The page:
Sam, a male Asian Leopard cat, was almost 12 when he arrived at the sanctuary in September of 2023. The Asian leopard cat is a small wild cat native to continental South, Southeast, and East Asia.
Dozens of exotic cats were saved from a home in Texas after authorities say they were found living in deplorable conditions. Authorities said the breeder/owner of the cats, who’d had many animal welfare violations in the past, had recently passed away. The USDA then reached out to The Wildcat Sanctuary (TWS) to organize the rescue of the 24 Asian leopard cats found there, including 3 kittens and one with a leg amputation.
All the cats were initially taken to the Houston SPCA where they were cared for and vetted. The Bengal domestic cats would eventually be adopted out to homes, but the SPCA needed help in finding facilities to care for the 100% wild Asian leopard cats.
Sadly, rescues like this are becoming all too common. Breeding and purchasing of Asian leopard cats and other wild cats is fueled by social media since they have an exotic look. Breeding is very lucrative with cats costing $5,000 and more.
Their stunning beauty has caused overbreeding and impulse purchases. But too often, they end up cast aside due to unwanted behaviors. TWS is one of the few sanctuaries in the country that specializes in these magnificent cats.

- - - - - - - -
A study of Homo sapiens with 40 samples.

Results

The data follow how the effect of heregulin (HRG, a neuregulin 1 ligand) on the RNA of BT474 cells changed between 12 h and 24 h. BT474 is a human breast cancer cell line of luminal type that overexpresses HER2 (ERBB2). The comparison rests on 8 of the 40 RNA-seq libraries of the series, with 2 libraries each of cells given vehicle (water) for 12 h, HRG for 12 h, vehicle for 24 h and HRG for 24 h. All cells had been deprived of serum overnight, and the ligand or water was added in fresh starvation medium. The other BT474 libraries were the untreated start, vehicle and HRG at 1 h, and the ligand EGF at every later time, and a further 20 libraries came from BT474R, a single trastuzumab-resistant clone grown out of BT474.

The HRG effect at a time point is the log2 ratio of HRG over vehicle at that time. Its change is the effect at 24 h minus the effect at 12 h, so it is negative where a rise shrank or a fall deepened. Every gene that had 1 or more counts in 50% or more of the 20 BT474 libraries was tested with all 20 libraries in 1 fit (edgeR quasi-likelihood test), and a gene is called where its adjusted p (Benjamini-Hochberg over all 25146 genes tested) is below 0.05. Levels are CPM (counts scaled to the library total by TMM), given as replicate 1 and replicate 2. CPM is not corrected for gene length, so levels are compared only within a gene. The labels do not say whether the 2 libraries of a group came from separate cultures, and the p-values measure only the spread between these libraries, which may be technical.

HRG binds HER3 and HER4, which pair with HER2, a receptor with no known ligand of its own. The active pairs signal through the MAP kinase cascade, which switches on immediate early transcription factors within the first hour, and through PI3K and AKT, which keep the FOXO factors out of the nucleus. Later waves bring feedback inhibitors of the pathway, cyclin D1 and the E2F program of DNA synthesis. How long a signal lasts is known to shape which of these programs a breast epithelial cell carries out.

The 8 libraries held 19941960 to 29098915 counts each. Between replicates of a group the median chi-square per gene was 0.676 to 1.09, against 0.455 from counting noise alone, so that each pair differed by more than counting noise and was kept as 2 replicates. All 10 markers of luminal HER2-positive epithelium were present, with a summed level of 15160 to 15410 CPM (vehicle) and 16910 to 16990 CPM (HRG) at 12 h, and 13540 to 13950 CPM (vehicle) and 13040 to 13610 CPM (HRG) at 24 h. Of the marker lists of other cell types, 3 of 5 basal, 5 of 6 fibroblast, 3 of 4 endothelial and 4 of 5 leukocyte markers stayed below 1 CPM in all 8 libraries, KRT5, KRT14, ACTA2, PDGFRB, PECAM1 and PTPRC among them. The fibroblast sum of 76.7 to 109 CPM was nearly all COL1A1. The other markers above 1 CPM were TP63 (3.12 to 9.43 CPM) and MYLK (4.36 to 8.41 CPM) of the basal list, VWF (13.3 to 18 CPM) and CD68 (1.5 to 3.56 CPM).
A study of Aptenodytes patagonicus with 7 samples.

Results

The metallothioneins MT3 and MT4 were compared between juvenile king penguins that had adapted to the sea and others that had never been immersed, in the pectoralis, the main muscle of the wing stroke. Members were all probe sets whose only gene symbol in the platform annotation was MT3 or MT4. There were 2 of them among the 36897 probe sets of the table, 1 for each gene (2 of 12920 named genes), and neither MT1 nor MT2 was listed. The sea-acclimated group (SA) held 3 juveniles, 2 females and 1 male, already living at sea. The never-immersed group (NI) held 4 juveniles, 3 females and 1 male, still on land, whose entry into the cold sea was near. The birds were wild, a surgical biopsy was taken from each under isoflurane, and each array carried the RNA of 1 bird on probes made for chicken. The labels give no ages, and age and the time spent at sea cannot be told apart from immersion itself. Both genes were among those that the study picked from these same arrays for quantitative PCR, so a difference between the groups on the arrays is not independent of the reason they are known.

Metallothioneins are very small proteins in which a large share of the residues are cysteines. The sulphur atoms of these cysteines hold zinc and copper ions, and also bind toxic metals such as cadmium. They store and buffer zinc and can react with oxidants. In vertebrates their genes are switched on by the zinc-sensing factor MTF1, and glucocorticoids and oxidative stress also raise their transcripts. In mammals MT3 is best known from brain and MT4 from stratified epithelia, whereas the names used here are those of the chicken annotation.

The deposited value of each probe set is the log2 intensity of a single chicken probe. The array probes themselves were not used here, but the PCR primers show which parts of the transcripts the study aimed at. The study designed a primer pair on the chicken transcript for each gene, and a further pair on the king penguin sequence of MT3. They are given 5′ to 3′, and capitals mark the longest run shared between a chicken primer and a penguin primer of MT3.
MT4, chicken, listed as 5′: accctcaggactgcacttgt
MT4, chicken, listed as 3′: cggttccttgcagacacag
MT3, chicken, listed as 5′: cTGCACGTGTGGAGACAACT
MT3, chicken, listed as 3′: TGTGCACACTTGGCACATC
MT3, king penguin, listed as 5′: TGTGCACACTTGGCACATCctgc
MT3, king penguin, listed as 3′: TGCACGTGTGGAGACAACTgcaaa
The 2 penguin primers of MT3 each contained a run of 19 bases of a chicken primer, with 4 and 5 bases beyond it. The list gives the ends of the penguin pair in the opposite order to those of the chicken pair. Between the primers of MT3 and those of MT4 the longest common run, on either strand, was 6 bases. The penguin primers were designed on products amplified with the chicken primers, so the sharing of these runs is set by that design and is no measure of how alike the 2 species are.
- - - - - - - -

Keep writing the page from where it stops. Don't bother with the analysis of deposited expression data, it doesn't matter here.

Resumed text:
The sanctuary’s staff flew to the Houston SPCA immediately to care for the Asian leopard cats. TWS’ Executive Director then organized the transfer of all the wildcats to reputable sanctuaries ranging across the country from Oregon to South Carolina.
Our staff drove roundtrip from Minnesota to Houston, Texas to pick up this precious cargo. It didn’t go exactly as planned though. On the way back, a deer leapt out in front of our transport van. Sadly, the impact killed the deer and the damage to the van made it undriveable.
While they waited in Iowa, we sent 2 more staff members down to pick them all up for a safe journey back to the sanctuary.
The initial plan was for TWS to accept eight of the Asian leopard cats. But, after one of a bonded pair became critically ill and passed away, the sanctuary accepted the other one left behind, too.
Many of the cats didn’t even have names, but now they do. Welcome to Aiden, Apollo, Eve, Mindy, Minerva, Penelope, Rue, Sam and Ziva! They’ll finally be able to live out their days wild at heart…and loved.
Life at the Sanctuary
At 12, Sam is the oldest of this group of Asian leopard cats we rescued. We were told that he was the papa/grandfather and original stud breeder for the owner.
Sam seems pretty relaxed but he’ll give a typical hiss if you’re too close. Sam also loves his food and just relaxing on his blankets. Speaking of relaxing, he’s definitely the most chill of the group. But, if there’s too much hustle and bustle, he’ll retreat to his den area.
Sam likes to sit out and observe his caretakers as they take care of the other cats in the quarantine area. He exudes an aura of wisdom, being the elder gentleman.
How You Can Help
Our sponsorship program is what makes top notch care possible for our residents, like Sam. Would you consider becoming his sponsor parent? Or even a one-time donation toward his care would help so much, too.
You’ll find buttons at the top of this page if you’d like to help Sam in a very special way. Thank you!